1 Jul 2017
Thinking is not my strong suit by any stretch of the imagination. Every time I start thinking, I either get a headache or get into trouble. I’m not sure which is worse, the headache or the trouble.
In my normal pursuit of life, thinking sits in the backseat. If there is an emergency, thinking may come forward and help out. However, in the meantime, thinking is not something I like to do on a regular basis.
That is my side. On the other side, the Gracious Mistress of the Parsonage is always thinking. Most of the time, she is thinking about jobs I should be doing. I don’t know how she does it, but she can come up with a list of “honey-do’s” that will occupy all my time. Of course, I must confess, while I am doing these “honey-do’s” I am thinking, but not thoughts I would like to come out into the public arena.
I do not really have to think that much because my wife thinks for me. How she does it is beyond me, but she knows what I am thinking three days before that thought enters my head. At least, that’s what she tells me and she would not lie to me.
I have learned through the years that there are several questions that I should never ask my wife. One is, “Honey, what are you doing?”
You would think after decades of interaction with her I would know what to say and what not to say. Because I don’t give much to thinking, I usually speak without thinking, which always gets me into trouble. If I could think through something, I just might escape the trouble that I get into.
Just the other day I came home from working at the office and my wife was sitting in the chair and I asked “the” question. “Honey, what are you doing?”
My wife knows how to ask questions and is very skillful at asking the right question. The other side is that she knows how to answer questions to such a degree that gets me into difficulty. How she manages this is beyond my wildest imagination. Of course, if I would think about it, maybe I could come up with an answer, but who has time to think these days?
Without any delay, she responded to my inquiry by saying, “I was just thinking…”
As soon as she said that, I knew I was in trouble. Why don’t I keep my questions to myself? Why must I always fall into that trap she lays for me?
“I was just thinking,” she said without giving me any opportunity to respond, “that we ought to go to the mall this afternoon and do a little bit of shopping.”
Her “little bit of shopping” has nothing to do with the word “little,” but a lot to do with the word, “cash.” She has the idea that if you buy something with a credit card, no cash is involved.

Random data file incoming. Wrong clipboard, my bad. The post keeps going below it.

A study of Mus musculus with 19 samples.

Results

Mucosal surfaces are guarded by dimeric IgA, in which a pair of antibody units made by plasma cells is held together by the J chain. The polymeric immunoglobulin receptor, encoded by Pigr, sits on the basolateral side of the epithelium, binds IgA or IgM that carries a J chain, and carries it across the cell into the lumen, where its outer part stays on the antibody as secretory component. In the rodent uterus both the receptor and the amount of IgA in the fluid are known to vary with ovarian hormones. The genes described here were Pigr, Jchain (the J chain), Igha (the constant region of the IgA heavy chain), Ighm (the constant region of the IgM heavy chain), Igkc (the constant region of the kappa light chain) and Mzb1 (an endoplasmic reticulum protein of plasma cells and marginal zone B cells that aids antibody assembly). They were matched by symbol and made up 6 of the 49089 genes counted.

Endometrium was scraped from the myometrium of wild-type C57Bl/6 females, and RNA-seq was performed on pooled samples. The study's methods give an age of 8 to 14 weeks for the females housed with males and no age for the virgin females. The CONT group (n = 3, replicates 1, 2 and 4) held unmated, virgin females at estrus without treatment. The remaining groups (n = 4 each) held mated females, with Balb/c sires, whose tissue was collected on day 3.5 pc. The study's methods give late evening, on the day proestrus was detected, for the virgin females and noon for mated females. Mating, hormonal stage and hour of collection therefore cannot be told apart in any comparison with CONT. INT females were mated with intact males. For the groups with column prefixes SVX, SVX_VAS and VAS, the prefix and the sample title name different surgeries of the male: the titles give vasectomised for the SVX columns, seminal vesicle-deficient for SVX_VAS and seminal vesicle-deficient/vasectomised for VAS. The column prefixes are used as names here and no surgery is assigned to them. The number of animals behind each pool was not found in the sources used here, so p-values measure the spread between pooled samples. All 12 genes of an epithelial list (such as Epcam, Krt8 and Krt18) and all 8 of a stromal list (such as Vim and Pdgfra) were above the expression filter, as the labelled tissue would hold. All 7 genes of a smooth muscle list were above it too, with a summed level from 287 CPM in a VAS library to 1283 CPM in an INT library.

The last place on earth I want to go to is the shopping mall. I must confess that I have a little bit of a drug problem here. When I go to the mall with my wife, I am drug from one store to another store to another store until I have completely lost any sense of reality.
I am not sure if there is a solution to this kind of a drug problem. If there is, I would like to know about it.
“Well,” I said as hesitatingly as possible, “we might not have enough time to go this afternoon to the shopping mall.”
“I was just thinking,” she responded, “that we could go to the shopping mall this afternoon and then stop by a restaurant and have supper out together. Wouldn’t that be wonderful? What do you think?”
If I had just the energy to think through this kind of thing, I would have guessed that she had an ulterior motive in going to the shopping mall.
“If we go out for supper tonight,” she explained, “we will have plenty of time to go to the mall this afternoon.” With that, she smiled one of those contagious smiles that I have not yet been able to resist.
Driving to the mall that afternoon I had a variety of thoughts jingling through my mind. One predominant thought was, “How much is this going to cost?”
Although my wife thinks a lot, this is one area where her thinking never penetrates. I suppose that is my responsibility to think about the money aspect of everything. The problem is, the more I think about it, the less I really like it.
As we were coming home after supper at the restaurant my wife said, “I was just thinking what a wonderful afternoon this was. I’m glad you came up with this idea.”
I pondered about that for a while and could not remember when I came up with this idea. I thought it would be better for me just to go along with her thought, which would make everybody in the car happy.
As we were driving home, I happened to think of a passage in the Old Testament. “For my thoughts are not your thoughts, neither are your ways my ways, saith the Lord” (Isaiah 55:8).
I may not be big on thinking, but I take comfort in the fact that God thinks about me all the time.